A Supreme Court judge on Thursday said the coronavirus-induced nationwide lockdown has created psychological problems and violence within the family, reported PTI. Justice NV Ramana added that the “reverse migration” during the lockdown will lead to an increase in poverty and discrimination.
“This pandemic has presented before us multiple emerging issues,” Justice Ramana said at a webinar organised by the National Legal Services Authority. “The most predominant one is that of reverse migration. Massive reverse migration will invariably lead to increase in poverty, inequity and discrimination.”
Justice Ramana said the situation was still not under control even after three months. “Pursuant to the lockdown, thousands of people have lost their lives and livelihood, large scale migration has taken place,” he added.
His comments came at a time when millions of migrant workers in India were left jobless by the coronavirus-induced lockdown imposed on March 25. Many migrants were forced to make gruelling and dangerous trips back to their hometowns as public transport was not running during the lockdown. The Centre began arranging special trains only on May 1, while bus services started from April 20 to take migrants home.
At least 170 workers have been killed in accidents on the roads or train tracks. Many others died from the exhaustion of walking in the scorching heat. Nearly 80 migrant workers died of starvation or heat sickness between May 9 and May 27 while travelling on special trains, according to the data from the Railway Protection Force. There have been several reports of migrant workers not being given food and water on long train journeys in the searing heat. Workers complained about the squalid conditions of travel and inordinate delays in train schedules. Many alleged that they were not given anything to eat or drink during the journey, while others claimed they were fed rotten food.
Justice Ramana also said that there has been a rise in domestic violence and child abuse during the nationwide lockdown. “Women have been burdened with more work; children have been unable to go to schools,” he said. “Adding to that, working of home has also had its impact on the family life. This pandemic has also affected rights of women, children and senior citizen. This calls for a persistent and target orientation action plan, which we all have to work out together.” He said the future will be challenging. “Let’s stay committed.”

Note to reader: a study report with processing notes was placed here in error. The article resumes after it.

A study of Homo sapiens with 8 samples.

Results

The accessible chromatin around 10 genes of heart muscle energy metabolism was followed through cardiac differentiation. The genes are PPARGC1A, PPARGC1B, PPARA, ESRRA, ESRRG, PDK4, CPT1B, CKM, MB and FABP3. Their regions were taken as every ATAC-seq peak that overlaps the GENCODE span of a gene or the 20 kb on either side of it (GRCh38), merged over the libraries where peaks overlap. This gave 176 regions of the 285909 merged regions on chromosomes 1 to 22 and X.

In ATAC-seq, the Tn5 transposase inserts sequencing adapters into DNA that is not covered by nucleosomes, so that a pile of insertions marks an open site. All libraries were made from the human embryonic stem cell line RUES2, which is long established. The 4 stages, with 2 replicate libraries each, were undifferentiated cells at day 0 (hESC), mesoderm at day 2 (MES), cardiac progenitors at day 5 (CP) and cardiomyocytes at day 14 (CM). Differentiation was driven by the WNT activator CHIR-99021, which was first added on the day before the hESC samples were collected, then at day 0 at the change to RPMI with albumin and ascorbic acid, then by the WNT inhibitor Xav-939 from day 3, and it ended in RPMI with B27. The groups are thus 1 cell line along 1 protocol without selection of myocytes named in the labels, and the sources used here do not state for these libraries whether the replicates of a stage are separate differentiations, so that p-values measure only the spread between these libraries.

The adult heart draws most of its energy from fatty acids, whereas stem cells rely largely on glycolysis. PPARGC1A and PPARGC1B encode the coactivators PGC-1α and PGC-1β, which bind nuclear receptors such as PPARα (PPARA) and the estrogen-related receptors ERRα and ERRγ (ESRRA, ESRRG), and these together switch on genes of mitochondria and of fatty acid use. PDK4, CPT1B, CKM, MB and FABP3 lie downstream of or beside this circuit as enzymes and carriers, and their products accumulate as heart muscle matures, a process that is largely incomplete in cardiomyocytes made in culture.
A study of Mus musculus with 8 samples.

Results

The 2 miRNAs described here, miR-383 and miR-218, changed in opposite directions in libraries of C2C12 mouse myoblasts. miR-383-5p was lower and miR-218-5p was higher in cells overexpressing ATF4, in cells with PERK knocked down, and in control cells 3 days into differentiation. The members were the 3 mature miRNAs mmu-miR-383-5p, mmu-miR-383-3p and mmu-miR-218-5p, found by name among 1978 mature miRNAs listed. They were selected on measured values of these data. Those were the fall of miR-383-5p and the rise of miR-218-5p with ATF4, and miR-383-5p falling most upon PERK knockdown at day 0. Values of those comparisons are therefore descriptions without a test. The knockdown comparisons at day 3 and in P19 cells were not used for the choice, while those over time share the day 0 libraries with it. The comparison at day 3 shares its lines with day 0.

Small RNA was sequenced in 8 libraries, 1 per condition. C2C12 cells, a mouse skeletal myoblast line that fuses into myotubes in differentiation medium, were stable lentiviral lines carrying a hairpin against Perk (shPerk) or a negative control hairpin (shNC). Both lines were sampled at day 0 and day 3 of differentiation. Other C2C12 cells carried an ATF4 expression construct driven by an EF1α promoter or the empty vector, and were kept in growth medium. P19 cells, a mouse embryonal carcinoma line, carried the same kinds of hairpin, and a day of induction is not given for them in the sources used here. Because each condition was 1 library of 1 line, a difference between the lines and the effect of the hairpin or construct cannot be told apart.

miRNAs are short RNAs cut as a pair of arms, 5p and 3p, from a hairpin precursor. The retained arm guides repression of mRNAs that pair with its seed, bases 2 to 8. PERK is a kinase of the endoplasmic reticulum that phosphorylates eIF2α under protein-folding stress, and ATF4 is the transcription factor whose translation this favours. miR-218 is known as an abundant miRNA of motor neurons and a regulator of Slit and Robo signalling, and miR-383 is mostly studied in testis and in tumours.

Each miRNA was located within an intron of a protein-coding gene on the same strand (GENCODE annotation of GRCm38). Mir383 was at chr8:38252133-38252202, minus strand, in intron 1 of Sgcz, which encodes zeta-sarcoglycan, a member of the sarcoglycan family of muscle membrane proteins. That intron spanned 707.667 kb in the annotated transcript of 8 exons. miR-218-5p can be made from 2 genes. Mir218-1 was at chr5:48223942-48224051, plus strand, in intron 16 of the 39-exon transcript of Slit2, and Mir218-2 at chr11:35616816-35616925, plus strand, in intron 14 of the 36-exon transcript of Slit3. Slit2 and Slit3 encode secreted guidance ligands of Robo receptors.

The judge, who is second in seniority after Chief Justice SA Bobde, said now is the time for legal services authorities to reach out to victims of domestic violence and child abuse. “Acknowledging the urgency of the situation we have established One Stop Centres,” he added. “Persistent efforts have been taken to provide legal assistance, through teleservices of female panel lawyers in every district. In other matters, petitions have been filed under the Domestic Violence Act.”
The National Commission for Women had in April expressed concern over the increase in cases of domestic violence. During the lockdown period between March 24 and April 1, the commission recorded 69 cases of domestic violence, 77 cases under the right to live with dignity, and another 15 cases of harassment of married women at home. Apart from this, the women’s body received two cases of dowry deaths and 13 cases of rape or attempt to rape.
Usually, a woman can register complaints with the National Commission for Women through various channels. This includes physical visits to the office in different states, postal communication, phone calls, online complaint registration, emails and through social media. However, under the lockdown, the mediums to file a complaint have been curtailed and restricted to just three forms: social media, email and online registration.